To be a Christian is to be in love with the past. Our faith is grounded there: on a wooden cross now returned to earth, in an empty tomb. We tote Bibles which—though printed new—are really the artifacts of peoples long gone, the words of dead languages left on dead mediums, scroll and papyrus. Nevertheless, it is the old, old story we love. We love the past, for it was then that the incarnate God tabernacled in the midst of creation, if only for a short while.
Yet, there is a love of the past which is too strong, idolatrous and backward. This is a love of the past which does not let go: the parent who will not let her child mature, the student who refuses to teach, “always learning and never able to arrive at a knowledge of the truth.” It is the member who attempts to calcify the church of his childhood, refusing to admit any change into the church as if it were the room of a dead son. The other day I faced my wife and saw on the wall behind her our engagement pictures: the same woman, and not. Do I love who she is or what she was? We gather around the Lord’s table and photographs of God’s presence-with-us file through our memory: Do we love God today? (C. S. Lewis pleaded, “Not my idea of God, but God.”) Do we love the God of today? or only some better memory of him with us?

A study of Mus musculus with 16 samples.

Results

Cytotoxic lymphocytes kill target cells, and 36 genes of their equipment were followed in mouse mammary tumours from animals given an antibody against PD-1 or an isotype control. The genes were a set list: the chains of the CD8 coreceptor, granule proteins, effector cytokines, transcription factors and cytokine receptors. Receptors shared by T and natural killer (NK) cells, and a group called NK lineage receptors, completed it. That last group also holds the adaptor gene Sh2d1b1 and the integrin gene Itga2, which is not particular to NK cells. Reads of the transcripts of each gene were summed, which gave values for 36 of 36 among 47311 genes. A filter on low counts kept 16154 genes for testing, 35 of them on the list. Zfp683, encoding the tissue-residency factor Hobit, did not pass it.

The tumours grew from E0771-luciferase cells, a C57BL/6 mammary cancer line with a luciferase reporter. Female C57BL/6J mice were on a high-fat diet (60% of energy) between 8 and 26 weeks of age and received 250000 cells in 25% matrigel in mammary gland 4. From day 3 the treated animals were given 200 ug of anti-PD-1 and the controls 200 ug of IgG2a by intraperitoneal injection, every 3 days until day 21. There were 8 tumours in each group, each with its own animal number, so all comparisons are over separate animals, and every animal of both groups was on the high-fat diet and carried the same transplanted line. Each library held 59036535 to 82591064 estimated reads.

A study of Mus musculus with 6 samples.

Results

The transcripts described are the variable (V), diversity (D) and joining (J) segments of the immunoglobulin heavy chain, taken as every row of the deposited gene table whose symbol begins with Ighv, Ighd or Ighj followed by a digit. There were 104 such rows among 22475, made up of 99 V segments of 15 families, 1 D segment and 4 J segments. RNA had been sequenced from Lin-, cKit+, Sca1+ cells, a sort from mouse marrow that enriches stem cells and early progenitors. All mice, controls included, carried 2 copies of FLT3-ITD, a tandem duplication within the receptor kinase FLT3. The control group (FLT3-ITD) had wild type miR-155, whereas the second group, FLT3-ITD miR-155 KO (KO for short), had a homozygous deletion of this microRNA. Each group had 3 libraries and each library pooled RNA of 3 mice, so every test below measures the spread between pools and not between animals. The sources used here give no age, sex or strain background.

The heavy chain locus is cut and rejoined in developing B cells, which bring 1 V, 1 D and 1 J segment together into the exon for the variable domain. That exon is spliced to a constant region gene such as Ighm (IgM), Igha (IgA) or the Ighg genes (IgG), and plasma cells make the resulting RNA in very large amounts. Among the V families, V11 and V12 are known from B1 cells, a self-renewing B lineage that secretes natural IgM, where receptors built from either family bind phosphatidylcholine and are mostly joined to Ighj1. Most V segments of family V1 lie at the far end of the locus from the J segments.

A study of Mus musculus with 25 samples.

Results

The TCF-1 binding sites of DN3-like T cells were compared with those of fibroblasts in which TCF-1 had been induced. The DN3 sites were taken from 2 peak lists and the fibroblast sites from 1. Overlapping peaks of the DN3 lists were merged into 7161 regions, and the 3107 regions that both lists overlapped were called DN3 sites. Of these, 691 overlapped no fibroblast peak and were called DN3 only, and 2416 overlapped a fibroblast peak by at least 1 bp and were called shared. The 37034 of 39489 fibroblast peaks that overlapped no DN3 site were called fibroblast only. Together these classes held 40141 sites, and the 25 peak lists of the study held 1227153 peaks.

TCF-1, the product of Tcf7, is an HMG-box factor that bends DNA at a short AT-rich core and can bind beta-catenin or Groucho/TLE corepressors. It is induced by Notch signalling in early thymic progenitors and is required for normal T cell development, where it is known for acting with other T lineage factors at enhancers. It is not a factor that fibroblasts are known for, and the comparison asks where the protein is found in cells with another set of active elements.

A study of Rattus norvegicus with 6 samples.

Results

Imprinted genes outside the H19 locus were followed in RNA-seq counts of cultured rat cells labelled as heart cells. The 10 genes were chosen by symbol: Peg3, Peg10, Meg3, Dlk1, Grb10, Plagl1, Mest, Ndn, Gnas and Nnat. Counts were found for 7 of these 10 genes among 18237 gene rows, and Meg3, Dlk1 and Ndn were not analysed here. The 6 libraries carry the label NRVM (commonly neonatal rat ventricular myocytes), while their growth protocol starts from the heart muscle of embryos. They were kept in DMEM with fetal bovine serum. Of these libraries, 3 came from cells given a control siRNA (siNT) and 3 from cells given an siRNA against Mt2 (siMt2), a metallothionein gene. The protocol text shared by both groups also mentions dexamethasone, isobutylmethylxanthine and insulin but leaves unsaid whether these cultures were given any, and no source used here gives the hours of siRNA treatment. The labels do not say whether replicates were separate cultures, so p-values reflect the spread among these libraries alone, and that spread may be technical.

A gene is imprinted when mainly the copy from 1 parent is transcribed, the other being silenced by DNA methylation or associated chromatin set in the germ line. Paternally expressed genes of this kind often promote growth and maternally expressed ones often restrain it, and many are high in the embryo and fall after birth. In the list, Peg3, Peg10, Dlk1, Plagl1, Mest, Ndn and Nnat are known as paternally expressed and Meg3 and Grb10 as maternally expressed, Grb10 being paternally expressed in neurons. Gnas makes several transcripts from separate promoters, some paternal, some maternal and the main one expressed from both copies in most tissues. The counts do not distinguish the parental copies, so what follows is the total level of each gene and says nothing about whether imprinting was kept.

In the wilderness of living, we go years between oases of divine experiences—at least I do. Yes, there is a constant trust that “God is here,” but that is very different than the way God flooded my heart the night I was baptized or rained blessings on me at the birth of my children. In the dry, numbing days of waiting we are tempted to manufacture the god we want: a god who makes us feel assured every time we want it. We often feel weak, isolated, unsure, angry, and desperate. “Where is God?” we ask, and “Why is God not the God I prefer?”
The biblical character Abraham fires my imagination. Who was this man who moved from all he knew to follow an unknown God? And why did he not turn back after receiving the blessing? It is one thing to leave a homeland (there are any number of reasons Abraham might have been unhappy in Ur), but even after God had blessed Abraham with victory in battle, wealth of land and possessions, and, most of all, a son, Abraham went on. Abraham kept leaving behind everything God gave him. He held all the gifts of God—the experiences of divine encounter, a great name, a family—with an open hand.
In the desert we are faced with the question: Do I love the God of certain moments and memories and blessings? Or do I love God? We are called to courage to follow the living God, often to step into darkness and the dull ache of isolation and unknowing. The God of today beckons us, to leave the safe spaces of our conceptions and start out again, to leave the bronze serpents in Moses’s past: God is no longer there. He is out in front, leading us to another place, to something better. We look up to Christ.